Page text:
JMEC wants UNSC to hasten deployment of Regional Protection Force to Juba

Posted: January 24, 2017 by PaanLuel Wël Media Ltd. in Junub Sudan, Press Release

COMMUNICATIONS OFFICE, PRESS RELEASE, (For Immediate Publication), 24 January 2017, Juba, South Sudan

24 January 2017, Juba, South Sudan

Festus Mogae, JMEC chairman

January 24, 2017 (SSB) — The Joint Monitoring and Evaluation (JMEC) has called on the United Nations Security Council to hasten the deployment of the Regional Protection Force (RPF) to the South Sudan capital, Juba. This, JMEC said, will “provide a safe, neutral and secure environment in support of the peace process”.

Addressing the UNSC in New York yesterday, JMEC chairman H.E Festus Mogae said the deployment is important in order to guarantee continued stability in Juba and secure environment for implementation of the peace agreement.

Mogae said this will also allow the government to redeploy the bulk of the army currently protecting Juba to the other parts of the country to restore law and order.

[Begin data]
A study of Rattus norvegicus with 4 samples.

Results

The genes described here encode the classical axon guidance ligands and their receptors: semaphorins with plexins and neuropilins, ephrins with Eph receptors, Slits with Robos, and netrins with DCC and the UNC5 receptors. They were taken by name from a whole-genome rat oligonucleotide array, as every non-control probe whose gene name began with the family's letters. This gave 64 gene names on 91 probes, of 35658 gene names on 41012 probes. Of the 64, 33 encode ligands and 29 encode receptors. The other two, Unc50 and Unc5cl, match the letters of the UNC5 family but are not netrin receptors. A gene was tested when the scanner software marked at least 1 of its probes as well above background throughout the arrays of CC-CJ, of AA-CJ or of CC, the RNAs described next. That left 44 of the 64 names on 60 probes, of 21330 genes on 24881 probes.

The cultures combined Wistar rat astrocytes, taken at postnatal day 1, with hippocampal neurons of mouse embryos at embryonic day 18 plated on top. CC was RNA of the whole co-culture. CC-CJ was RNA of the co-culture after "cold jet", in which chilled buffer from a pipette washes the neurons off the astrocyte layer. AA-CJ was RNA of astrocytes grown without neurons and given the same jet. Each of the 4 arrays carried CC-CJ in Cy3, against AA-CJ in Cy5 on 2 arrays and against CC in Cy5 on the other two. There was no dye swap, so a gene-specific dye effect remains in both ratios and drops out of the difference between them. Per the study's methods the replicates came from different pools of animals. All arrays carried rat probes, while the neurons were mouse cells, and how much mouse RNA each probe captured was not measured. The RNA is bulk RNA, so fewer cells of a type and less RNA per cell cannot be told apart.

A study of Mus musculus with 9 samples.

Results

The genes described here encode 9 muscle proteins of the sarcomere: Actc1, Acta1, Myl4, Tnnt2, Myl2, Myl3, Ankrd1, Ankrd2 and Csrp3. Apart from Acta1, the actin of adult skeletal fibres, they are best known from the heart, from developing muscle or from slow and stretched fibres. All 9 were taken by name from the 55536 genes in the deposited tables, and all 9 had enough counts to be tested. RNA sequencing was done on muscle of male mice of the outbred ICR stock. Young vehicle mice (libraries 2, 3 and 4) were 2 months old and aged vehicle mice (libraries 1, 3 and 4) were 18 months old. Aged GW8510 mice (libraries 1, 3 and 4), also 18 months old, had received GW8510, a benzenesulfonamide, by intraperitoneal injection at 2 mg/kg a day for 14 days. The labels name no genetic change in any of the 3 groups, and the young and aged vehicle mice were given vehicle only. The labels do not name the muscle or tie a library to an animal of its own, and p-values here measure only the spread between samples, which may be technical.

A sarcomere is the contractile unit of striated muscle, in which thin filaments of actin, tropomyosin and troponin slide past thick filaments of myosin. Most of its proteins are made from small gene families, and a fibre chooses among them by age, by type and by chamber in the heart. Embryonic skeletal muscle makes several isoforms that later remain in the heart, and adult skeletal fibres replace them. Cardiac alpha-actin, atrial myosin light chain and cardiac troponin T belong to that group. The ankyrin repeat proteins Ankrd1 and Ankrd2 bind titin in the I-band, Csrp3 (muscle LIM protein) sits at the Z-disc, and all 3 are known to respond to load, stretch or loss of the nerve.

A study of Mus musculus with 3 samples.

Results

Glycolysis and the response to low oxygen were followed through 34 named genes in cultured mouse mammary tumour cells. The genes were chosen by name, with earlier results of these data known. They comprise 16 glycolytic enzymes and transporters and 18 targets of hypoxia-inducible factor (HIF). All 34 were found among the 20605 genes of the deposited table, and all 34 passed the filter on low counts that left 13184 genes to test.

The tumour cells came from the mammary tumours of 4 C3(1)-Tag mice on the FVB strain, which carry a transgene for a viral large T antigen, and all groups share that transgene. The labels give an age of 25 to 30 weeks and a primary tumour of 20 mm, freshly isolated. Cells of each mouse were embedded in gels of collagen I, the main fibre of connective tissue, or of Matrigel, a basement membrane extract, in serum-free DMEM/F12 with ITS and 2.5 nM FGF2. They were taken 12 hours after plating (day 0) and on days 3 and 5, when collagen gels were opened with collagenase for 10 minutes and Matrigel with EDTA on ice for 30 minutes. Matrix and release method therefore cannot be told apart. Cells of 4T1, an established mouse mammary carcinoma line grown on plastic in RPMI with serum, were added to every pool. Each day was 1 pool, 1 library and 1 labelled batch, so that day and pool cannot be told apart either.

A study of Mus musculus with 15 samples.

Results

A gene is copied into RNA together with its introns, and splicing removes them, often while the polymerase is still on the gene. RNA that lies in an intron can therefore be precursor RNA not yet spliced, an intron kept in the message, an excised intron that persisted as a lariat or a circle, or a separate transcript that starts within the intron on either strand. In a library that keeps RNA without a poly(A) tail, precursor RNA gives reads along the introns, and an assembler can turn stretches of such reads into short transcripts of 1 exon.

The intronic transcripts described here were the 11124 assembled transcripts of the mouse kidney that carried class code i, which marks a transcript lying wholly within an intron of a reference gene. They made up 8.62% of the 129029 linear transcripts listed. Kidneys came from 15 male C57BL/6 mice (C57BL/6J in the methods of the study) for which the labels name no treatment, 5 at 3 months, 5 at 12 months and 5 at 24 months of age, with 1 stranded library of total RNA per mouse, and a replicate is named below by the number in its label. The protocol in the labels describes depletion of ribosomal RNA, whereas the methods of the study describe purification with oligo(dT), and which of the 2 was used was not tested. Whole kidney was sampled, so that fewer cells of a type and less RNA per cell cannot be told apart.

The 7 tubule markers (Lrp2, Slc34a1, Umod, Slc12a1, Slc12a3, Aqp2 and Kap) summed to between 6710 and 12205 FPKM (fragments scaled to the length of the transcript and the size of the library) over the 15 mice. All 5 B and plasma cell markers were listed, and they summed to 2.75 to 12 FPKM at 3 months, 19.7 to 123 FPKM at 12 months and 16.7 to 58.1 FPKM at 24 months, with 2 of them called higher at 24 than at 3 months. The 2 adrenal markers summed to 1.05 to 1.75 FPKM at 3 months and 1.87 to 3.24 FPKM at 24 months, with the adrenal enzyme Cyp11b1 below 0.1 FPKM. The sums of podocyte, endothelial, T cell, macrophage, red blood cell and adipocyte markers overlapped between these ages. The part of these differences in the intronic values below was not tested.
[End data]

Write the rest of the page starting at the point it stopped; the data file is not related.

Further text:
“Such spirit of determination, coordinated actions and uniform voices are critical for effective intervention in South Sudan. JMEC appeals to the UN Security Council to remain actively seized of the situation in South Sudan and to ensure that the Transitional Government of National Unity (TGoNU) and all the parties live up to their responsibilities,” he said.

He asked the world body to take note of the President Salva Kiir’s National Dialogue initiative, adding that without genuine inclusivity, and without addressing the results of the July events “there is unlikely to be sustainable peace in South Sudan”.

Addressing the 15-member council chaired by President Olof Skoog, Mogae said estranged parties formerly within the TGoNU must denounce violence and embrace dialogue.

He asked the Security Council condemn the escalating violence in different parts of the country including targeted killings of civilians in the greater Equatoria region, and renewed fighting in parts of Upper Nile and Unity States.

According to the Ceasefire and Transitional Security Arrangements Monitoring Mechanism (CTSAMM) reports, he said, there are different armed groups emerging and operating in these areas, some allied to the former Parties to the peace agreement.

Others simply opportunistic elements, he said.

“It is regrettable, that some of these groups are targeting civilians and particular communities in what appears to be a combination of revenge killings, and struggle for territorial control. I have appealed to the TGoNU before, and now appeal to the Security Council to take whatever steps are necessary to halt these senseless killings,” H.E Mogae said.